2020 will be the year residential real estate “crosses the chasm”. The what?
Marketing professionals of the early 1990’s so quoted Geoffrey Moore’s epic business book, “Crossing the Chasm”, it achieved an almost gospel-like status. It’s truly a great book, but more than anything, the book’s timing couldn’t have been better. The book, sub-titled: “Selling Disruptive Products to Mainstream Customers” was published at a time when technology breakthroughs seemed to be happening hourly.
So what does a 30 year old book have to do with today? While much of its actual text is technology related, the book introduces a “life-cycle” concept that can be applied to almost any situation. Within every life-cycle are recognizable easily defined stages. All life-cycles goes through these same stages in the same order.
For this article, let’s look at the life-cycle of the, “6% commission” (in the Atlanta market). We all know the real estate industry hasn’t experienced any significant change, disruptive or otherwise over the last 50 years. We STILL live in the six percent, split-driven business model that was created in the 1970s. Sadly, most of the Country’s agents are stuck with that. But not Atlanta! We are a free market. We are a collective of free agents who are all allowed to create their own way. Be in their own cycle.
Life-cycles are often illustrated as bell curves. A life-cycle, bell curve of Atlanta’s 6% commission is illustrated above. You will notice this bell curve has one significant gap. This is the “chasm” that new ideas and concepts must traverse in order to achieve the goal of general consumer acceptance.
Consider the Atlanta market at the onset of the last real estate crash in 2007. In terms of real estate business modeling, Duffy Realty and Wynd Realty were the outliers in promoting a movement away from the traditional franchise format. Duffy Realty created a flat fee consumer product that was wildly different from the 6% norm. Wynd Realty identified itself as a “Micro Broker” by separating brokerage services away from the sales cycle. Eliminating the idea of a Broker “split”.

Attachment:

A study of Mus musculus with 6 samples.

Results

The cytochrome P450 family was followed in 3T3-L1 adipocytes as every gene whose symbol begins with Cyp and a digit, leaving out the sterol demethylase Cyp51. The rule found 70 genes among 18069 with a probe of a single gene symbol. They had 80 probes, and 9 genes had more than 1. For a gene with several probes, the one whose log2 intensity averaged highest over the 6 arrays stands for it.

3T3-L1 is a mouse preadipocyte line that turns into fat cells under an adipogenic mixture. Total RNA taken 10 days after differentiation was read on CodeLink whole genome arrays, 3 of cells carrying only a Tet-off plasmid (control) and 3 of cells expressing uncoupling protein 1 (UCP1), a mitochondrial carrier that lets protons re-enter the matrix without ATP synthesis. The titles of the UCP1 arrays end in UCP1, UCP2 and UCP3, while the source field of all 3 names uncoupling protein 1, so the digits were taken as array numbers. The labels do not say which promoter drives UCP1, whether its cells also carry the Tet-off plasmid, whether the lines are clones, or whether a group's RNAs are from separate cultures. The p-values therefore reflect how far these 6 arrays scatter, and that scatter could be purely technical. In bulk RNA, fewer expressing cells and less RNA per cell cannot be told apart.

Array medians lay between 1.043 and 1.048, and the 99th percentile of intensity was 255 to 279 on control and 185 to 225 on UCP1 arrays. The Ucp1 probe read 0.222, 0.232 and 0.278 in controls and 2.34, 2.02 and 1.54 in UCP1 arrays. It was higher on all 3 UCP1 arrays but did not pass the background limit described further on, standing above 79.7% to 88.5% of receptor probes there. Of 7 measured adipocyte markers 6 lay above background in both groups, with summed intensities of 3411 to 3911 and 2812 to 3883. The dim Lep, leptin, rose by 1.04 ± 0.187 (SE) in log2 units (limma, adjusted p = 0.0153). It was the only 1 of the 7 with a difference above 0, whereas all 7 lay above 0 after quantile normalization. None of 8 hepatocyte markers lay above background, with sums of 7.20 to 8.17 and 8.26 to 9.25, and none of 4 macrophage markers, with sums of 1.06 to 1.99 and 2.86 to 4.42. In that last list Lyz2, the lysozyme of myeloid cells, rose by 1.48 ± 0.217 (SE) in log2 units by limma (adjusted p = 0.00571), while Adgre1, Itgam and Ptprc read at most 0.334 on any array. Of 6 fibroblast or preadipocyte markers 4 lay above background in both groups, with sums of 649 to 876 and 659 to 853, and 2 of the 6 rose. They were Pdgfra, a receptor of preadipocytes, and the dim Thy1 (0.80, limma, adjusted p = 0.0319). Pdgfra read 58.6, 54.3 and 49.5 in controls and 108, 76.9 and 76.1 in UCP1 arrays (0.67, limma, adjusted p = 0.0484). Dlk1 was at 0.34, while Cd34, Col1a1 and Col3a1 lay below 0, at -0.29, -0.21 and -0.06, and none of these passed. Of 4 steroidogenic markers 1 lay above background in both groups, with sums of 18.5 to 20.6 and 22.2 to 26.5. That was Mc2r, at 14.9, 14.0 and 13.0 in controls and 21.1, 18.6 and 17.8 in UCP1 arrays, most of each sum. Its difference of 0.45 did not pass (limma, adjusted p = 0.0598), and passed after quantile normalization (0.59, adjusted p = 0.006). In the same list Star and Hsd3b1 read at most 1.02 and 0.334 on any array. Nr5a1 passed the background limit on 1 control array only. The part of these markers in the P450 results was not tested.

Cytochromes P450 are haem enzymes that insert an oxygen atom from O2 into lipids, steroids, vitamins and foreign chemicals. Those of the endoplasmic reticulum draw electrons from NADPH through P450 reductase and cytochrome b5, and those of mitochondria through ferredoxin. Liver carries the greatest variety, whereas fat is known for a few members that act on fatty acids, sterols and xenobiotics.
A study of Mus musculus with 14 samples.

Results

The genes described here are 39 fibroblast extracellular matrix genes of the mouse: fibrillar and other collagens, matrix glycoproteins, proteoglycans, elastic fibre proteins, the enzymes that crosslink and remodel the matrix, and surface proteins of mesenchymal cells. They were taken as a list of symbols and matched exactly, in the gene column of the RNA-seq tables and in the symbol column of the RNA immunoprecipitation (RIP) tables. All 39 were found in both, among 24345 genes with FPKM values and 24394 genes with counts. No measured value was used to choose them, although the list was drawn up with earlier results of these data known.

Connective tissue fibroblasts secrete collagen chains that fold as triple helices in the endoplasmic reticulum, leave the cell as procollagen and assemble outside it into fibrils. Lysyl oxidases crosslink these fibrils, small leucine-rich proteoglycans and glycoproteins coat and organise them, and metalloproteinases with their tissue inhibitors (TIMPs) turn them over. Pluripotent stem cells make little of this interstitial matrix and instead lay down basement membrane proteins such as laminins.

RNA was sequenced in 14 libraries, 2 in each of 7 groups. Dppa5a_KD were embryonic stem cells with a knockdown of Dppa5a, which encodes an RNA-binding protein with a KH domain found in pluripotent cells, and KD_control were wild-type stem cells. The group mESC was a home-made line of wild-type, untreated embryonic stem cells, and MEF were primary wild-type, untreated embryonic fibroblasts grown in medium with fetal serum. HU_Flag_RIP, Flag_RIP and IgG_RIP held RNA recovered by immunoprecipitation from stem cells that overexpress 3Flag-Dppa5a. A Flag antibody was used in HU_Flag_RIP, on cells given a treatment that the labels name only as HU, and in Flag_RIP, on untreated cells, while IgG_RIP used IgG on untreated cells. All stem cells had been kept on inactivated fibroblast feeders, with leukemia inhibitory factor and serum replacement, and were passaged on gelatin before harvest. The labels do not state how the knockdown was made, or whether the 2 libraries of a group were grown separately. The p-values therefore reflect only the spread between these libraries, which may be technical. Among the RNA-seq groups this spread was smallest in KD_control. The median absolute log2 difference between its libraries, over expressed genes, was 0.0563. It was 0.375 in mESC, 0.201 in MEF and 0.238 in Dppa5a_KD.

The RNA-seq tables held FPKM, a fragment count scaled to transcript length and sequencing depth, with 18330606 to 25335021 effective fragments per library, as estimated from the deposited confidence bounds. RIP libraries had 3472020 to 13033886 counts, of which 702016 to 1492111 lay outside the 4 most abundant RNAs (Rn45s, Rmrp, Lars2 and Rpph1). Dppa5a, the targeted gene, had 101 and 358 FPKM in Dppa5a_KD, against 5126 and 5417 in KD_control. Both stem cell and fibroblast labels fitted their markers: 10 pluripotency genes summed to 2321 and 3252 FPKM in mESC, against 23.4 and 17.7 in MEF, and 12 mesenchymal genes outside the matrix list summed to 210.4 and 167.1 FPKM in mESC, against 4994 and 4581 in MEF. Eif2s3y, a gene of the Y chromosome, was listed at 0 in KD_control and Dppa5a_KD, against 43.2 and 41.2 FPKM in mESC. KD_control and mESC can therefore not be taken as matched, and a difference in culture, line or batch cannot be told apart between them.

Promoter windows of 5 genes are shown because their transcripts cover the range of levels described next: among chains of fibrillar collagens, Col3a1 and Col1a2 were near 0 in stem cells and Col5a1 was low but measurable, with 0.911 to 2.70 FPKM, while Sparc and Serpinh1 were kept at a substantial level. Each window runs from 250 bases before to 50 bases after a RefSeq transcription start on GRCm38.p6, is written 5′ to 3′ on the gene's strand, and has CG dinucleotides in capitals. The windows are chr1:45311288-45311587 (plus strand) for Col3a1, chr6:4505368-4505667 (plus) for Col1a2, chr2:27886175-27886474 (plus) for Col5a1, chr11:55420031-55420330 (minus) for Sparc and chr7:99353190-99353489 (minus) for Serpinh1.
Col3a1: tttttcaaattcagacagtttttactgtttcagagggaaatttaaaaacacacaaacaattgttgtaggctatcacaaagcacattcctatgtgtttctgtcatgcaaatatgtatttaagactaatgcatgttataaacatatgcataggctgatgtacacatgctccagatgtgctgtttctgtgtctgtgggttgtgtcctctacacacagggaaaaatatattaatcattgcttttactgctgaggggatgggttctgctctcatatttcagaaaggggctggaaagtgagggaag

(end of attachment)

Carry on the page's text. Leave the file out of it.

Early adopters of both Wynd Realty and Duffy Realty had to make a leap of faith in these new business models. And, thankfully they did as both companies thrive today. As a matter of fact, both companies have had their share of others trying to duplicate their business models. But, as successful as each company has been, the 6% franchise commission noose is still around the industry’s neck.
2020 will be the year real estate “alternative” goes mainstream. (At least in Atlanta) Many factors are converging toward this premise. The continued rise of the “little r” agent. (only in Atlanta) Small agent team development, the rise of specialty boutique brokers, enhanced agent DBA capabilities, the advent of the Community Realty market, and the continued explosion of the i-buyer market.
Clearly, the traditional franchise 6% format is on the backside of its life-cycle.
As traditional methods continue to wane, 2020 will also be the biggest year of retirements ever seen. At least until next year. Actually over the next several years, the industry will see hundreds of thousands of Boomer agents calling it quits. The calendar printing industry is devastated.
2020 will be the best year yet for changes within our industry. We may even start to see court rulings on the various outstanding NAR fair practice lawsuits. Allowing all the nation’s agents to have choice would mean the rest of the nation would look like Atlanta is today. We are the goal. We are the test lab and people are watching.
What Atlanta does in 2020, could very well become the blue-print for the rest of the nation.